Elephants and Donkeys Are Killing The United States: Why We Need Political Diversity

Appeal to emotions and perspective take. Most people, and certainly more U.S. citizens, regardless of political stance, have the same life goals that we do but believe in different ways of achieving those goals.  The best way to be attentive to your own biases while also persuading someone who disagrees with you is to employ perspective-taking. Understanding the basis of your opponent’s argument helps you to both show that you are able to see the issue from their side and to tailor your argument to fit their belief system (Tuller et al., 2015). Appeals that invoke value concerns that are relevant to the opposing party are much more effective at shifting policy perceptions and beliefs than appeals from your own point of view (Feiberg & Willer, 2015).

Support governmental reforms and bipartisanship. At the legislative level, politician polarization will decrease when it becomes disadvantageous to be extreme.  One way to decrease the attractiveness of extremity is by supporting open or semi-open primaries. By allowing independents and moderates to vote in primaries, candidates must account for the appeal of their policy stances to a broader audience (Epstein & Graham, 2007). Additionally, increase attention to and positively reinforce bipartisan action on the part of legislators.  Websites like govtrack.us have begun to provide yearly information about bipartisanship for all members of the Senate and House of Representatives, which can help in the endeavor to hold our pundits accountable.

Overall, while it may feel good in the short run to isolate ourselves from partisans on the other side of the ideological divide, the long term consequences of political homogeneity are dire. We have to ask ourselves, is the short term gain to be had through violent enforcement of one viewpoint more important than the long term success and well-being of our nation as a whole?



Allport, G. W. (1954). The Nature of Prejudice. Cambridge, MA: Perseus Books.

Allport, F. H., & Lepkin, M. (1945). Wartime rumors of waste and special privilege: why some people believe them. Journal of Abnormal & Social Psychology, 40(1), 3-36.

Andrews, W., Katz, J., & Patel, J. (2016, September 5). Latest election polls 2016. The New York Times. Retrieved from www.nytimes.com/interactive/2016/us/elections/polls.html?_r=0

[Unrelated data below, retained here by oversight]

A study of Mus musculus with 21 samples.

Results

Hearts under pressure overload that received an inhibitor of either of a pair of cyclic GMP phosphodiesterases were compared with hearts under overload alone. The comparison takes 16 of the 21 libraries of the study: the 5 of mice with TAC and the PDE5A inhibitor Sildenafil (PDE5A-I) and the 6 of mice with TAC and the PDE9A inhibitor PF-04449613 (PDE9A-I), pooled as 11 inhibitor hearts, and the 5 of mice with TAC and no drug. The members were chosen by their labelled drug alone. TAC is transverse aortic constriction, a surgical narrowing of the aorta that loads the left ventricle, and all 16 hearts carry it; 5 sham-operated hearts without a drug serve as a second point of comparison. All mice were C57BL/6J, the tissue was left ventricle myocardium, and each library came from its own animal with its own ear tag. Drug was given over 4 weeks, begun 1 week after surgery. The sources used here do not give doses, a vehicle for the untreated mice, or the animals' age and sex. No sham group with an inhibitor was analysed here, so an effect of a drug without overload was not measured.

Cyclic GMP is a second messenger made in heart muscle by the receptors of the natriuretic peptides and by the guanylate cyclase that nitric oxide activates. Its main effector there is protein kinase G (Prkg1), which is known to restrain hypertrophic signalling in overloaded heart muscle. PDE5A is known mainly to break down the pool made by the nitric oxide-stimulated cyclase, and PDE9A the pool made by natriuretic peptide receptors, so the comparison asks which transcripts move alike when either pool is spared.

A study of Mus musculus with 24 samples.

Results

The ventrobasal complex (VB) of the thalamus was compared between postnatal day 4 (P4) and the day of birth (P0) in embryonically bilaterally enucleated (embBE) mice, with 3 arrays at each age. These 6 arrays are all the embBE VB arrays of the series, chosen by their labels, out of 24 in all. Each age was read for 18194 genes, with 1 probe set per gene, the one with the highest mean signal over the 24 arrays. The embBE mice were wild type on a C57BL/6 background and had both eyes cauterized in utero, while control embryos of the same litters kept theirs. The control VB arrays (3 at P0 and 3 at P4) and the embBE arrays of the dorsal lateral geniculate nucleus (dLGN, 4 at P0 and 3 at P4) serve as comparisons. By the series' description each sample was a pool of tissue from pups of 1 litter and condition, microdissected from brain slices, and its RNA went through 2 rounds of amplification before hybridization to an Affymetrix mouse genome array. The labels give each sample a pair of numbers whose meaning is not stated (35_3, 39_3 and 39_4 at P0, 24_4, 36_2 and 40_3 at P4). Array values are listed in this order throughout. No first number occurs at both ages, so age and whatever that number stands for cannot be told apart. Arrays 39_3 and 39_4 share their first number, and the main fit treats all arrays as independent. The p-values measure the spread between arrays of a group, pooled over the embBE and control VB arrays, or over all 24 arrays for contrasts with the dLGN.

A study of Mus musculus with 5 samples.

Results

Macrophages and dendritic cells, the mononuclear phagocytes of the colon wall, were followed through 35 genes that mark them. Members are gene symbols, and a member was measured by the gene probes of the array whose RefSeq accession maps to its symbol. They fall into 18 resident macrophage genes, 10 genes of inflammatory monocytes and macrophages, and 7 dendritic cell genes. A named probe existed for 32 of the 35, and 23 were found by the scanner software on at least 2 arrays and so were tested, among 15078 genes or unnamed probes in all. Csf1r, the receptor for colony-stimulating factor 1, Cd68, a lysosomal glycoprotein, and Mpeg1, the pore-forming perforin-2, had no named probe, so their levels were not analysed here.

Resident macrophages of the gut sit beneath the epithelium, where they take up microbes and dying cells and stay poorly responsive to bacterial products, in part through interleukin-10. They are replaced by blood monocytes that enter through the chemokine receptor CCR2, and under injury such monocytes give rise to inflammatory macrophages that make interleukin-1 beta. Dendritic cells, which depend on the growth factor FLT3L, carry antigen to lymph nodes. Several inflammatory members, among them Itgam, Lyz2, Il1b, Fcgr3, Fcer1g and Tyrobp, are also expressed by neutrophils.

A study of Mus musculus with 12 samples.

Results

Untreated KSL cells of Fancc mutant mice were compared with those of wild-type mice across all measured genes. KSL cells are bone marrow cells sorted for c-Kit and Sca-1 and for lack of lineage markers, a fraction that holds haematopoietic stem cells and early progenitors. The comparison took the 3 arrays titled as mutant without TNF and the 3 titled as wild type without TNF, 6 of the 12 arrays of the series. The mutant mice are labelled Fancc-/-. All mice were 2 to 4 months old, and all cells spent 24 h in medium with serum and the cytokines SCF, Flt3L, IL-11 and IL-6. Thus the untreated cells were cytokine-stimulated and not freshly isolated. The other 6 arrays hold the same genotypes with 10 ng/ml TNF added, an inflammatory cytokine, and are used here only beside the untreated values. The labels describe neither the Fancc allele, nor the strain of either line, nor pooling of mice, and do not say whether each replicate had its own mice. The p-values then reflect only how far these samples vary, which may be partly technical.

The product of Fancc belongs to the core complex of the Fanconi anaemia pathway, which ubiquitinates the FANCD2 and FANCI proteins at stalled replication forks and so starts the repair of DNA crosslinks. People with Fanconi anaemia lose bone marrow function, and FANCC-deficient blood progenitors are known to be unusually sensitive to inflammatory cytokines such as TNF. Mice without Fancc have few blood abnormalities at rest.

Crawford, J. (2014, March 28). Bleeding-heart liberals and hard-hearted conservatives: Political dehumanization in the United States. The Inquisitive Mind. Retrieved from http://www.in-mind.org/blog/post/bleeding-heart-liberals-and-hard-hearted-conservatives-political-dehumanization-in-the

Crawford, J.T., Modri, S.A., & Motyl, M. (2013). Bleeding-heart liberals and hard-hearted conservatives: Subtle political dehumanization through differential attributions of human nature and human uniqueness traits. Journal of Social and Political Psychology, 1(1), 86-104. doi: 10.5964/jspp.v1i1.184

Del Vicario, M., Bessi, A., Zollo, F., Petroni, F., Scala, A., Caldarelli, G., Stanley, H. E., & Quattroiciocchi W. (2016). The spreading of misinformation online. PNAS, 113(3), 554-559.

Ditto, P. H., & Liu, B. S. (2012). What dilemma? Moral evaluation shapes factual beliefs. Social Psychological and Personality Science, 4(3), 316-323.

Elving, R. (2016, March 14). A campaign on the brink: Donald Trump and the intersection of outrage and violence. NPR. Retrieved from http://www.npr.org/2016/03/14/470375065/a-campaign-on-the-brink-donald-trump-and-the-intersection-of-outrage-and-violenc

Epstein, D., & Graham, J. D. (2007). Polarized politics and policy consequences. Santa Monica, CA: RAND Corporation

Fernbach, P. M., Rogers, T., Fox, C. R., & Sloman, S. A. (2013). Political extremism is supported by an illusion of understanding. Psychological Science, 24, 939-946.

Feinberg, M., & Willer, R. (2015). From gulf to bridge: When do moral arguments facilitate political influence? Personality and Social Psychology Bulletin, 41(12), 1665-1681.